Butch Cassidy: The True Story of an American Outlaw
“Butch Cassidy is a fast read, and Leerhsen’s writing style is engaging and believable—a good way to spend a quiet weekend and learn the truth about the Old West.”
If you are searching for a nonfiction, historical study that romanticizes the Old West (U.S.), do not look here. But if you are looking for a Western tale that gets down into the nitty-gritty of late 19th and early 20th centuries, look no further than Butch Cassidy by Charles Leerhsen.
Leehrsen’s focus is on Cassidy, aka Robert Leroy Parker, plus myriad other names he concocted throughout his life.
By all descriptions from people who engaged with Cassidy—either short term or long term—he is described as a good guy, well-liked, and although he robbed banks and trains, he would brook no thefts from the innocent. Often compared to Robin Hood, Cassidy went to extremes to ensure that only the big guys were affected.
Cassidy was a wanderer, never settling in any one place for very long. His greatest foible was gambling, therefore leaving his pockets empty, and a new robbing event not far on the horizon. Although thanks to Hollywood, the general public is most familiar with Butch Cassidy and the Sundance Kid (Harry Longabaugh), Leehrsen brings Sundance into the story only for short visits until the end when Cassidy, Sundance, and Ethel Place left the United States for South America.
The story of Robert Parker (Cassidy) is well laid out and many sources are quoted, bringing Cassidy’s life into clear focus. We learn that his life could have been quiet, peaceful, and productive, but to say that a burr got under his saddle would be an understatement.
Butch had no steady female friends in his life—some came and went quickly, although they would have remained with him had he only asked. Leehrsen brings into question Cassidy’s sexuality. No direct issues of homosexuality, yet his close friendships with some men leaves the question open for discussion, but with no facts. There were rumors of him having gonorrhea. “Perhaps the rumors about his sexuality, Butch seemed eager for Gibbon to understand that he partook of such earthly [sexual] pleasures [with local prostitutes.]”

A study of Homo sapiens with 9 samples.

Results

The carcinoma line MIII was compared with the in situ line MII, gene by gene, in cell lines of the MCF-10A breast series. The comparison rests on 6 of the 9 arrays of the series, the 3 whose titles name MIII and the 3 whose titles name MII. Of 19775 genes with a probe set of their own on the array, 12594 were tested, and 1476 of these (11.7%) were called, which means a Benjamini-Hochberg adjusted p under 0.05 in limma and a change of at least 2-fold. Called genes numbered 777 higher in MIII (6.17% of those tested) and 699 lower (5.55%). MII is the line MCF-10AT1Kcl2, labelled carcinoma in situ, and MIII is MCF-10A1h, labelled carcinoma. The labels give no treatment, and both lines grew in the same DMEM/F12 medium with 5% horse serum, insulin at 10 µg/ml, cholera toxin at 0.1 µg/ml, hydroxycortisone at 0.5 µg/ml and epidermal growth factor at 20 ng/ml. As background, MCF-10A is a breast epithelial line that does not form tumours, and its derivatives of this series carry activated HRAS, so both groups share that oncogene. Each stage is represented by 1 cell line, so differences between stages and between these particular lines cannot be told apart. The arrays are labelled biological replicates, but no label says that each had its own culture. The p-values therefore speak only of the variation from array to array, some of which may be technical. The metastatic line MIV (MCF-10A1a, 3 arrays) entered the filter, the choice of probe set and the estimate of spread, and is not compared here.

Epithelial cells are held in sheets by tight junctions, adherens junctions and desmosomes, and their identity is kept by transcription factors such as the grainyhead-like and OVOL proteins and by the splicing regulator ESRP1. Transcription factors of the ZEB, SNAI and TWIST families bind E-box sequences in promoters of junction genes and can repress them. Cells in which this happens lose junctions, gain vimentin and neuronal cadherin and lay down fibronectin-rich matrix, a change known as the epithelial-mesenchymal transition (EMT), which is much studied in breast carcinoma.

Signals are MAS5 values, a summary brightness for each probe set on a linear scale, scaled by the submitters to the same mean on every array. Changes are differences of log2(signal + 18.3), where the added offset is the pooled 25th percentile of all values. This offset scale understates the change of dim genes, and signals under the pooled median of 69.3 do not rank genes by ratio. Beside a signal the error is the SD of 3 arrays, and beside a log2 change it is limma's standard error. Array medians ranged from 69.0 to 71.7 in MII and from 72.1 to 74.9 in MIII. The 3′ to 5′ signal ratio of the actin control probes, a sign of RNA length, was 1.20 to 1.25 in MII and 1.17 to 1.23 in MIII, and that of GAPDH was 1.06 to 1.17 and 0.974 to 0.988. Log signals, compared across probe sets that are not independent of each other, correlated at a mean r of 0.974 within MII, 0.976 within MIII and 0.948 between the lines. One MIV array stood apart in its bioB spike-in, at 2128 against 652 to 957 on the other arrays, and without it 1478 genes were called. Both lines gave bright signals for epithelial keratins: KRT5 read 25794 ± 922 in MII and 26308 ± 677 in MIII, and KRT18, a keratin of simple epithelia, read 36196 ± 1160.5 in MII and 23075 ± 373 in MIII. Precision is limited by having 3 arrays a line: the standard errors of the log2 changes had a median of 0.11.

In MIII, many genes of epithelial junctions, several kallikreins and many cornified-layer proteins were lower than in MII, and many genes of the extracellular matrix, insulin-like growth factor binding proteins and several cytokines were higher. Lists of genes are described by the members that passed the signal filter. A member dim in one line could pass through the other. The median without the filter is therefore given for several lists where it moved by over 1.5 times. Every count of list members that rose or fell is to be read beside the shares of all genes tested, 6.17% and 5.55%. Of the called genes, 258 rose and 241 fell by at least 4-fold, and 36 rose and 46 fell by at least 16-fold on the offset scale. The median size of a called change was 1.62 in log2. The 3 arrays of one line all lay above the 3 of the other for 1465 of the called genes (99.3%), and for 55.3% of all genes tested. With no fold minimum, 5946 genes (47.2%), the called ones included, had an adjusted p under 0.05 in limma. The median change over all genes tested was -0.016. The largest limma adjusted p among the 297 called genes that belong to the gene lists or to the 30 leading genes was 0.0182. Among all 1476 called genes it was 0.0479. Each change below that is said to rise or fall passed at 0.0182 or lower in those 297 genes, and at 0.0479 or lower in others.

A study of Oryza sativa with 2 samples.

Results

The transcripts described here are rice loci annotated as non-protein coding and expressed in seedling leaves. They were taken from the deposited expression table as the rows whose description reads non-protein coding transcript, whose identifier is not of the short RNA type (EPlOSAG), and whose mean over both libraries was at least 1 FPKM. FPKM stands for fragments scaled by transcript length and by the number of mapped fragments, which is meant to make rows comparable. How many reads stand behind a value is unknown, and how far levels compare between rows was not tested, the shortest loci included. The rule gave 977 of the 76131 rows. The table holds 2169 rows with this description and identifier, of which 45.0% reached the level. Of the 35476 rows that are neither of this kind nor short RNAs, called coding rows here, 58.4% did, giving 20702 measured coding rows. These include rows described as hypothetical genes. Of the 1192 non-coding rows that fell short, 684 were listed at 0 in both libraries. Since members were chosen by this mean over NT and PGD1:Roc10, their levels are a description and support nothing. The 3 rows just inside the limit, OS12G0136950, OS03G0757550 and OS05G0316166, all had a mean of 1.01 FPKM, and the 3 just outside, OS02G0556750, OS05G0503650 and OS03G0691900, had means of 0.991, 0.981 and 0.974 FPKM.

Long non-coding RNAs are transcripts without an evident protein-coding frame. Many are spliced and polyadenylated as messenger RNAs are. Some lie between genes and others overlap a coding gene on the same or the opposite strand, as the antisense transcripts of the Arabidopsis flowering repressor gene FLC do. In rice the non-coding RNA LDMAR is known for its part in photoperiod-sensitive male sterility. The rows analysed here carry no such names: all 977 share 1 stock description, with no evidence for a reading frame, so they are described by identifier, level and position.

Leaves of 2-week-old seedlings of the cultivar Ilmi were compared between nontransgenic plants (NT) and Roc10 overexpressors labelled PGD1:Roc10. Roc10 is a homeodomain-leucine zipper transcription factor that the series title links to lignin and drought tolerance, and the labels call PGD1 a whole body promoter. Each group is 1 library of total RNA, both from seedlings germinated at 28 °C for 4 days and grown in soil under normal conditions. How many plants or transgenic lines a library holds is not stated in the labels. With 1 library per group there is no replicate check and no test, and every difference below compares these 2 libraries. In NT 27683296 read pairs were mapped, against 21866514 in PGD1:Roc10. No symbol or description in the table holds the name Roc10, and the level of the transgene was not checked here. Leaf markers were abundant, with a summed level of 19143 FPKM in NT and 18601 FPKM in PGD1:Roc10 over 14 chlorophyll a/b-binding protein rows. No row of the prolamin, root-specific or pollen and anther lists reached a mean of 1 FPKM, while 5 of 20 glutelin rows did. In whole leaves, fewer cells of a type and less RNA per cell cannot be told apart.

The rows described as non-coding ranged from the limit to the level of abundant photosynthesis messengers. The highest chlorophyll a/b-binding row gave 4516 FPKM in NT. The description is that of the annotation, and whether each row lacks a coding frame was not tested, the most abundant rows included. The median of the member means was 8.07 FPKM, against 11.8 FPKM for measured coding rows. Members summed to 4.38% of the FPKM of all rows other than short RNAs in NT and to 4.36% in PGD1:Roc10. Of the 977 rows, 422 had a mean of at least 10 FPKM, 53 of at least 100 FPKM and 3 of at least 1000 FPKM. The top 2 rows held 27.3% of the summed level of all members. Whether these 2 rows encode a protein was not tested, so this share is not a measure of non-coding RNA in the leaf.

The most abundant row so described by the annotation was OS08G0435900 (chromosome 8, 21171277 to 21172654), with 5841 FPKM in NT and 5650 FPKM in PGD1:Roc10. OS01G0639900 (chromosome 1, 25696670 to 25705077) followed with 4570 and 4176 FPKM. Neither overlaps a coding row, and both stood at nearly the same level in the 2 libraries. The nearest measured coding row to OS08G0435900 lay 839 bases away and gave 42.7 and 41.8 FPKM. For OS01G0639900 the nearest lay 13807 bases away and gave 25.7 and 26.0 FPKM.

As Cassidy’s life of crime began with stealing horses and rustling cattle, it was not long before this life introduced him to several men who rode on the seedier side of life, and soon he found himself leading the “Wild Bunch” through small western towns where banks supported various enterprises such as mining, and in which large payrolls enticed the bandits. In keeping with the reputation he was building with this gang, Leehrsen explains, “They had a reputation as a special breed of robber who bothered the big shots but protected the little man.”
Leerhsen’s approach to the role of the Pinkerton Detective agency paints a picture different from how they have been presented throughout history—perhaps not the forthright and honest organization everyone has come to understand. “It was standard business practice for the Pinkertons to exaggerate the threat posed to companies and associations by people they wanted to be paid to pursue.”
The book delves deep into Cassidy’s history, his family, his beliefs, and his ethics . . . be they what they were. One can’t help but like this man as presented in the pages of Leerhsen’s book. The ending is particularly interesting in that people chose not to believe that Cassidy and Sundance were cut down in Bolivia. At the location where they are said to be buried, the question still remains today: Who’s really buried there?
Butch Cassidy is a fast read, and Leerhsen’s writing style is engaging and believable—a good way to spend a quiet weekend and learn the truth about the Old West.